Any way you look at it, empathy is hard work. Selfishness always comes easy. Unfortunately, selfishness and empathy cannot occupy the same space in our lives.
Every time I scroll through social media I see a few expressions of empathy and many expressions that are anything but empathic. Words that dehumanize and marginalize people are always wrong, even if the words are directed toward people who do bad or unethical things.
The key thing about empathy – you don’t have to give up your firmly-held beliefs to practice it. I can empathize with a politician, a criminal, an NFL player taking a knee, a person who practices a different religion, a person who rejects religion, or any random person on the street even if I strongly disagree with their actions or beliefs. I simply must turn my full attention to the person in front of me and attempt to “walk a mile in his or her shoes.” Practicing empathy helps me look beyond beliefs and behaviors and see the intrinsic value of the person.
Empathy involves understanding where someone is coming from – geographically, existentially, and emotionally – seeing their hopes, fears, aspirations, and feelings. It is about reserving snap judgments, offering mercy, and refraining from offering witty retorts and biting remarks. Again, it doesn’t mean that we cannot disagree or offer correction. Empathetic correction is an act of love, not disdain.
Jesus is the ultimate example of empathy and the Gospels brim with accounts of Jesus practicing empathy (sometimes corrective) or teaching about it. Below are a few of the Gospel examples.
In Matt. 22, Jesus offers foundational teaching regarding our treatment of other when he was asked about which commandment was the greatest.
“Jesus replied: ‘Love the Lord your God with all your heart and with all your soul and with all your mind.’ This is the first and greatest commandment. And the second is like it: ‘Love your neighbor as yourself.’” Matt. 22:37-39
Loving your neighbor as you love yourself … that’s empathy.
In Mark 10, Jesus met a rich young man who kneeled before Him and asked how to inherit eternal life. Jesus mentions the keeping of the commandments, and the man claims he has kept them all since his youth. Despite knowing the man’s heart – his selfishness, his love for money, his desire for power – despite knowing the man would reject him, Jesus seeks to understand this young man.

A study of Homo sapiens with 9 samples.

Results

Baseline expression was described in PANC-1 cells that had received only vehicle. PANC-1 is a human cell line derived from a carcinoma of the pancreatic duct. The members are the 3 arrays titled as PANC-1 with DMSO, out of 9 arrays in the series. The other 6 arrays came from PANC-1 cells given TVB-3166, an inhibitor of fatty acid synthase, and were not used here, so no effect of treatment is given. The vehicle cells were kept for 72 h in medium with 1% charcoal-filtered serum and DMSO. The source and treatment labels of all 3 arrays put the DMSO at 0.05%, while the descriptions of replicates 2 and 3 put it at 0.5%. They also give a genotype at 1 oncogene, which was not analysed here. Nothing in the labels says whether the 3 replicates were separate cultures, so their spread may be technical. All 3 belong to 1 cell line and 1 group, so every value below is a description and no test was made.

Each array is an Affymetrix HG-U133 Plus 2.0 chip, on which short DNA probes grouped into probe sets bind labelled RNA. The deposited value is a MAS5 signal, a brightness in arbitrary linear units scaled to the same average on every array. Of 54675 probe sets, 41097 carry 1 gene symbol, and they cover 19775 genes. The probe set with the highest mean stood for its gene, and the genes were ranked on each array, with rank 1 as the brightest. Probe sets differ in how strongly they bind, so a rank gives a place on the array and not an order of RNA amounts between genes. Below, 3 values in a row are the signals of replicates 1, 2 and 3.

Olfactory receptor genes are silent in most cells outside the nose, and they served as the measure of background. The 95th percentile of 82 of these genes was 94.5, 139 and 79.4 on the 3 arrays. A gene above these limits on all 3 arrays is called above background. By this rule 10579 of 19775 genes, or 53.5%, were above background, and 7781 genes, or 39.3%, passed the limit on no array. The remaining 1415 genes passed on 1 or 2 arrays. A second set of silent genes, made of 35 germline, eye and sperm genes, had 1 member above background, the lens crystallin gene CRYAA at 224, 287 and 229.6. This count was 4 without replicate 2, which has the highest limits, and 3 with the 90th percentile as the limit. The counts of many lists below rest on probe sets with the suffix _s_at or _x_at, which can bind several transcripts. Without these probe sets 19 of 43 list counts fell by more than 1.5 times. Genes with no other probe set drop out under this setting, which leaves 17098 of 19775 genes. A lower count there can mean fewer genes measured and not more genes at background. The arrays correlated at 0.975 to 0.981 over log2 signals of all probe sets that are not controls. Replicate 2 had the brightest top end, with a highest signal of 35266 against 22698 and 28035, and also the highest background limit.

“Jesus looked at him and loved him. ‘One thing you lack,’ he said. ‘Go, sell everything you have and give to the poor, and you will have treasure in heaven. Then come, follow me.’” Mark 10:21
Jesus clearly saw the essence of this man (his hopes, fears, and feeling), and Jesus loved him. Jesus loved him, not because the man was good, not because He agreed with the man. Jesus loved him because he was an image-bearer. Jesus offers a correction that is rejected because the man wouldn’t give up his possessions.
Perhaps the greatest example of empathy in the ministry of Jesus is recorded in John 4. While traveling through Samaria, Jesus encountered a Samaritan woman who had lived a difficult life. She had abandoned by five different husbands (women had virtually no autonomy in that day). As I read through this account, I see empathy in almost every phrase.
Jesus crossed over two socio-culture boundaries just to talk with her. First, she was a woman and would be quite unusual for strangers of the opposite sex to have a conversation like this one. Second, she is a Samaritan, an ethnic group despised by the Jews – a group that invented its own way of worshipping Yahweh.
Jesus clearly disagrees with her lifestyle and her religious practice, but he doesn’t call her names or make fun of her. Jesus is both loving and corrective. He looks her in the eye and offers living water.
Will you lead people to living water? It is going to require the hard work of empathy.
Natalie Merchant’s song “Break Your Heart,” though secular, is powerfully, beautifully empathetic. It is worth a listen if you are trying to feel what others feel.
Watch the video here (Great video by the way)
Photo by Radek Skrzypczak at Unsplash.com.